Role of the Robot in Evolving Thoracic Surgery Practice
Robotic assistance has significantly shaped thoracic surgery and outcomes. We survey emerging applications and advice for integrating robotics into practice.
At Cleveland Clinic, we have wholeheartedly adopted robotic technology into thoracic surgery practice and are advancing its use for increasingly sophisticated procedures.
Taking advantage of this technology is critical to our goal of treating disease with as little collateral injury as possible. Only very small incisions are needed for robotically assisted surgeries, and deep tissues can gently be pushed out of the way with the robotic arms instead of cut, causing less internal damage as well. This results in less blood loss and reduced postoperative pain. Scarring is also minimized compared with traditional open operations, and this is a big advantage if an additional surgery is needed. Moreover, patient recovery times are shorter, with fewer days spent in hospital and more rapid return to work and daily activities.
As a tertiary care center, Cleveland Clinic enjoys the advantage of a high volume of thoracic surgery cases — we perform more than 2,000 thoracic operations annually, including a large number of complex cases.
Following our successful experiences with robotic assistance for cardiovascular surgery, we were among the first adopters of robotic technology for general thoracic surgery. Our applications quickly expanded: We now use video-assisted thoracic surgery (VATS) or robotic assistance for most of our lobectomies for lung cancer, including for almost 90 percent of patients with stage I disease.
We also perform thymectomies and treat mediastinal masses robotically. Procedures for benign esophageal diseases — including achalasia, reflux, para-esophageal hernias and giant gastric hernias — are now often done robotically.
We are also increasingly using the robotic system for esophagectomies for cancer. This complex operation often entails combined robot-assisted and conventional surgery. Patient outcomes are improved and recovery is noticeably expedited.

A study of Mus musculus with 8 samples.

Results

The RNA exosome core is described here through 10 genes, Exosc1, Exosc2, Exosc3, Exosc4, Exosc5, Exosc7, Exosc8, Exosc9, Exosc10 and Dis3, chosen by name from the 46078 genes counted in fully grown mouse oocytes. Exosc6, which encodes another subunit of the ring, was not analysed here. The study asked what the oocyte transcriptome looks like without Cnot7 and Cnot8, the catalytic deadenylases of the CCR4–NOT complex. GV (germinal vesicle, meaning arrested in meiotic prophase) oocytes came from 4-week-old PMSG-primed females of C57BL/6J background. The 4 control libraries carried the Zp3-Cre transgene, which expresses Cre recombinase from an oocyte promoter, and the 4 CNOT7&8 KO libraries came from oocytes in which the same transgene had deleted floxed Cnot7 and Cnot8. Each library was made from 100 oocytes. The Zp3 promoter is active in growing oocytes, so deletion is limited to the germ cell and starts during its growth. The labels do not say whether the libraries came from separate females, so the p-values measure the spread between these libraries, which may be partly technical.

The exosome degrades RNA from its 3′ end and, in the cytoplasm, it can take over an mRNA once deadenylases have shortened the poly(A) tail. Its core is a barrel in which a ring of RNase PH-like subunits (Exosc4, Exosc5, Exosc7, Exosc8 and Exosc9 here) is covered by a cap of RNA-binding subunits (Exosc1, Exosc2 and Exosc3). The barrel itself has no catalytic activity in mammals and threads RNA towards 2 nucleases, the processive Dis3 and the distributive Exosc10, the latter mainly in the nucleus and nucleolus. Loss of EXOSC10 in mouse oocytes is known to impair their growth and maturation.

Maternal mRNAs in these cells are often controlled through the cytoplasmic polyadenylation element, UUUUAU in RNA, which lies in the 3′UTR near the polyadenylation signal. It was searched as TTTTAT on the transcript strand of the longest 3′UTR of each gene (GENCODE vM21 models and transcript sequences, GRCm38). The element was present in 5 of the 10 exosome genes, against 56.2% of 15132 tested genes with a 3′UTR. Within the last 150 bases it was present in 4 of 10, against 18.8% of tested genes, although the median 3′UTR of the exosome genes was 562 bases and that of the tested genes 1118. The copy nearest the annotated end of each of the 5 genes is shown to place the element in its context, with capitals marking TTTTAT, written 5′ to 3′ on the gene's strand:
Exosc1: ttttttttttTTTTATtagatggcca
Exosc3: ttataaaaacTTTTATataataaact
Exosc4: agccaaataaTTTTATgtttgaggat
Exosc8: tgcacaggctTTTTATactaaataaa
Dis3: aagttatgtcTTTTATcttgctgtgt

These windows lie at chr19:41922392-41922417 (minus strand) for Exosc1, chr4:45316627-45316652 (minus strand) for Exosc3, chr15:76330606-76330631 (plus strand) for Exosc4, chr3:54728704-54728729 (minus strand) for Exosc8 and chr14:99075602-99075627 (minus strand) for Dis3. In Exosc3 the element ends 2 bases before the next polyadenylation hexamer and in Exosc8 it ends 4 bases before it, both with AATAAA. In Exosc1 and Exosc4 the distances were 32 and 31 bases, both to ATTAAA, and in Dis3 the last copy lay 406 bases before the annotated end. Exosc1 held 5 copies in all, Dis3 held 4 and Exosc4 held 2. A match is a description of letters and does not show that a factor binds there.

Cleveland Clinic is proud to be the only institution in the country to earn three-star composite quality ratings from the Society of Thoracic Surgeons for both lobectomy for lung cancer and esophagectomy for the three-year period ending in December 2017. These ratings, based on mortality and major complications, are the highest possible and distinguish Cleveland Clinic as a statistical outlier in terms of superior quality. We believe our judicious use of minimally invasive VATS and robot-assisted techniques is an important contributing factor to these high marks.
The adoption of robotics has allowed us to increase treatment options for our patients. But as with any new technology, it is critical to know when — and when not — to use it and to customize its use for each patient as appropriate. The fanciest tools are no substitute for judgment and experience. Minimally invasive operations can quickly be converted to conventional surgery, and we employ that option whenever the situation warrants. Factors to consider that may favor an open surgical approach include prior open chest surgery, radiation to the chest, pulmonary infections or coronary artery bypass graft surgery.
At Cleveland Clinic, we use the da Vinci® Xi, the fourth-generation and latest robotic surgical system. It is smaller and lighter than the previous version, and the arms have a better reach inside the body. Optics have improved with higher magnification, enabling more precise surgery. Despite more sophisticated functionality, we find it easier to use with a more intuitive interface.
Is it critical to update to each new system as it comes on the market? We believe so. Although it is an expensive proposition for any institution and requires a certain amount of retraining in addition to the capital costs, our experience has been that each successive version has offered significant improvements (such as those outlined in the previous paragraph), allowing us to provide the best care available to our patients.
The trend of applying robotic assistance to increasingly complex surgeries will continue, which means it’s likely that the days of most large-incision operations are numbered.
The role of high-volume centers such as Cleveland Clinic is to keep pushing the envelope so that patients can reap the benefits of outcomes equivalent to those with open surgery even as treatment-associated morbidity continues to diminish as robotic technology is refined.
An additional role is to teach and share innovations, and Cleveland Clinic’s cardiothoracic surgical teams are happy to accommodate surgeons and technicians from other institutions who wish to observe advanced robotic techniques.
Dr. Murthy is Section Head of General Thoracic Surgery at Cleveland Clinic.